One consistent tip from researching j-pouch surgery was to select the most experienced surgeon you can find. I interviewed two local surgeons but decided after our consultations, that I may have to travel to find the right one. Although this automatically makes this process more difficult from a logistics standpoint, I am happy (so far) with my decision. My surgeon has performed almost 1,000 j-pouch procedures and is one of the main j-pouch surgeons at a top hospital in the US. People have traveled as far as Saudi Arabia to have him operate on them. His success rate is 99%.
The pre-op itinerary went a little something like this:
1.) Registration - confirmation of insurance (your insurance company will need to pre-approve surgery and this approval is initiated by the hospital, so I just received a letter in the mail a couple of weeks ago to let me know I was good to go), ID, and providing a copy of a living will.
2.) Lab time - standard blood and urine tests
3.) Meeting with the surgeon - the purpose of this meeting is to go over any remaining questions and sign paperwork. My first surgery is scheduled on Monday and is considered the "bigger" of the two - total proctocolectomy with internal jpouch creation and temporary diverting loop ileostomy. After this surgery, and several follow-ups, I will have the reversal or takedown surgery scheduled. Likely the surgeries are three months apart to allow my jpouch to heal. Since I mulled over this surgery for YEARS, talked to numerous j-pouchers and surgeons and GI doctors, met with this specific surgeon already two times and researched this procedure for hours on end, I really didn't have any remaining questions for him. I was ready.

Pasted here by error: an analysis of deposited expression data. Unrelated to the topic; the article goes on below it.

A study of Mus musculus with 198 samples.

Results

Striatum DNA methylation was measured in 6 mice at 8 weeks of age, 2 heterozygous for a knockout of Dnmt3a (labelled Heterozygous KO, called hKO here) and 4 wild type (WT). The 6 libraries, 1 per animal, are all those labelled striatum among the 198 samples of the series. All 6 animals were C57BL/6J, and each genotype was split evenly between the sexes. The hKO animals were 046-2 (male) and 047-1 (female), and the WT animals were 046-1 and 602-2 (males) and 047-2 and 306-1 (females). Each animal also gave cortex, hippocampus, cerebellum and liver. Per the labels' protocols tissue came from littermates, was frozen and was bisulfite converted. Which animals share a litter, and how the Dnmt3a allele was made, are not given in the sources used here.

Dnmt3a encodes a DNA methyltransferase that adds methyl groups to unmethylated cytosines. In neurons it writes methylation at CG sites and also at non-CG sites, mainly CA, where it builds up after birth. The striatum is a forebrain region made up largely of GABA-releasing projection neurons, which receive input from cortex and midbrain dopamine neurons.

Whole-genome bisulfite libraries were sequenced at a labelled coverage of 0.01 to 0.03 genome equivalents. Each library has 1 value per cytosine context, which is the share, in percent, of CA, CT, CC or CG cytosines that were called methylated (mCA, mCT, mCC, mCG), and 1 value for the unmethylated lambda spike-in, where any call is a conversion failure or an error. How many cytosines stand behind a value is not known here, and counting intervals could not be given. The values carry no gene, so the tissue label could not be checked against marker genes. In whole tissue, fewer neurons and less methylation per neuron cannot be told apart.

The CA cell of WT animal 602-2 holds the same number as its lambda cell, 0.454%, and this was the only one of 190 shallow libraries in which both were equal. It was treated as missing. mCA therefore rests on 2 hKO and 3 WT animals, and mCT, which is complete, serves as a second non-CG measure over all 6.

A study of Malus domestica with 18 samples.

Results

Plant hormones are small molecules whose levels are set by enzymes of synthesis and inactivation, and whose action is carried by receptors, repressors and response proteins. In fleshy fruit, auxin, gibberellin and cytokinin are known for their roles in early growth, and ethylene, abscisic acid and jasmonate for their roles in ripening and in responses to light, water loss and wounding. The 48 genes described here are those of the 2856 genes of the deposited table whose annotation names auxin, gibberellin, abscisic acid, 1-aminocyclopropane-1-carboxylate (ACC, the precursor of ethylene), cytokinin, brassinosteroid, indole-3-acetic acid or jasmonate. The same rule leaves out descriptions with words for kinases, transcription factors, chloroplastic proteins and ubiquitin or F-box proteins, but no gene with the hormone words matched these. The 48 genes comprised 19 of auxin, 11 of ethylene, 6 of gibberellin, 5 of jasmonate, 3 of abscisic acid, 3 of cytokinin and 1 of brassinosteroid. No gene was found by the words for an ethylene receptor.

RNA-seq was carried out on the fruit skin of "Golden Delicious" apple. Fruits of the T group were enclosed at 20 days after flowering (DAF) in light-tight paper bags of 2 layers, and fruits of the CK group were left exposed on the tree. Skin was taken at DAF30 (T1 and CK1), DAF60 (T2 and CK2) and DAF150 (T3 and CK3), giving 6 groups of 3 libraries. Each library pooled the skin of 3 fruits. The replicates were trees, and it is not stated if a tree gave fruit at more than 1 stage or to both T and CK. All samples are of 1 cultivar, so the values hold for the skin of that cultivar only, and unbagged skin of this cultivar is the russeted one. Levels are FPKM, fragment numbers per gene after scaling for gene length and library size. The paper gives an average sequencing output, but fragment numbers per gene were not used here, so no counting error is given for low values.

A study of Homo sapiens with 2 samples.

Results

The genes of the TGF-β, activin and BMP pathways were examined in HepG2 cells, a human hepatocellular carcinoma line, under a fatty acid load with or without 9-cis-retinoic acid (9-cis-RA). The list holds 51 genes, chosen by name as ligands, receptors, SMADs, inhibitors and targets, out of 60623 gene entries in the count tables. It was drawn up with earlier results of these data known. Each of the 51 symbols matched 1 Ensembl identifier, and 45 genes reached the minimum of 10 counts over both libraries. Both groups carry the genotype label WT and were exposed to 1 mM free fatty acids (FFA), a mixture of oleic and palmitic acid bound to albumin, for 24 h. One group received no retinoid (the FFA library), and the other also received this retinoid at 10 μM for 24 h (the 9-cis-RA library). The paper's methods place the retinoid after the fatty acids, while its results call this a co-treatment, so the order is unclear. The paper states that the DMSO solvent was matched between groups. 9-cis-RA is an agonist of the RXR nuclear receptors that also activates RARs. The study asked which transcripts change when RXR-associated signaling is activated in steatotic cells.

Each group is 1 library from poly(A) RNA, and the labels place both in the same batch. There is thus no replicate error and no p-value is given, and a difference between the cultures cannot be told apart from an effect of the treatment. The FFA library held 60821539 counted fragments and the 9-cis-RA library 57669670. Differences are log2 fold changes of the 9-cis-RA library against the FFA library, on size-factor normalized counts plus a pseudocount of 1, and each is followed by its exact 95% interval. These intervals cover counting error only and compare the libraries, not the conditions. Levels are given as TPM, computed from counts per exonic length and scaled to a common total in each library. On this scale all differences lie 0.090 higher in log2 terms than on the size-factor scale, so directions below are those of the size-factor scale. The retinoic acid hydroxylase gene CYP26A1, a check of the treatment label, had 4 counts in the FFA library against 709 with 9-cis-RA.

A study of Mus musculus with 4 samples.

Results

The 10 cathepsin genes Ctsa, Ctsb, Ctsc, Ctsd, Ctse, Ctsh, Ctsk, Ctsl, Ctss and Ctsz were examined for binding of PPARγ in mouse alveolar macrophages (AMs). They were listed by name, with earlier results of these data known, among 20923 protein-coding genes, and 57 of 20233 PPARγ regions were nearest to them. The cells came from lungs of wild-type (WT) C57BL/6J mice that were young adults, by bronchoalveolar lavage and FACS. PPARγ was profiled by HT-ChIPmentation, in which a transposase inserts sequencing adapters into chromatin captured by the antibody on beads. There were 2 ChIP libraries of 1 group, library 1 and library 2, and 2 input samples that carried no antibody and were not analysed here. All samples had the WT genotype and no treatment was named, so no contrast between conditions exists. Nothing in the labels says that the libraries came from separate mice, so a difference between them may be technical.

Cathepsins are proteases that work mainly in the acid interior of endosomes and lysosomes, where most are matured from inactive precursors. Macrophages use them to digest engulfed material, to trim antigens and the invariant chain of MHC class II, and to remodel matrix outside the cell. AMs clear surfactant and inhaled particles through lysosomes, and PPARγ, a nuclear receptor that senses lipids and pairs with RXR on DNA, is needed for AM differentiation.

4.) Meeting with the wound,ostomy, and continence nurse - my meeting with the WOC nurse was awesome. Patient, kind, and down-to-earth. She showed me the standard supplies: barrier ring, wafer, ostomy bag, clip. She had me lift my shirt and pull down my shorts a bit so she could choose my stoma site. Before she started drawing, I stood, sat, and laid down so she could choose the best place for it. Then she marked my stomach, just below and to the side of my belly button, with two large black dots - one on my right (your left if you were facing me), where my stoma would likely go, and one on the left, "just in case".
We also talked about the loop ileostomy and how it's different from an end ileostomy. She also warned me that I will have a small plastic rod that will help prop up the loop, but this rod will only be in place for a few days after surgery. I will see her the day after my surgery so she can perform my first appliance change.
5.) Pre-op evaluation - since I am fortunate enough to not have any other major health issues and I'm relatively young, this was a quick evaluation. The nurse practitioner took my vital signs, listened to my heart and lungs, talked to me about my medical history, and asked me about my current medications. Oh yeah, current meds...I am on NO meds right now. Since I was in quasi-remission when I scheduled my surgery and in pretty good shape, my surgeon asked that I stop all biologics and immunomodulator medications for 6-8 weeks prior to surgery. This of course means that for the past 6 weeks I have been in a flare and my hemoglobin is low, but other than that, I checked out just fine.
Next up: my last ever bowel prep tomorrow and surgery on Monday!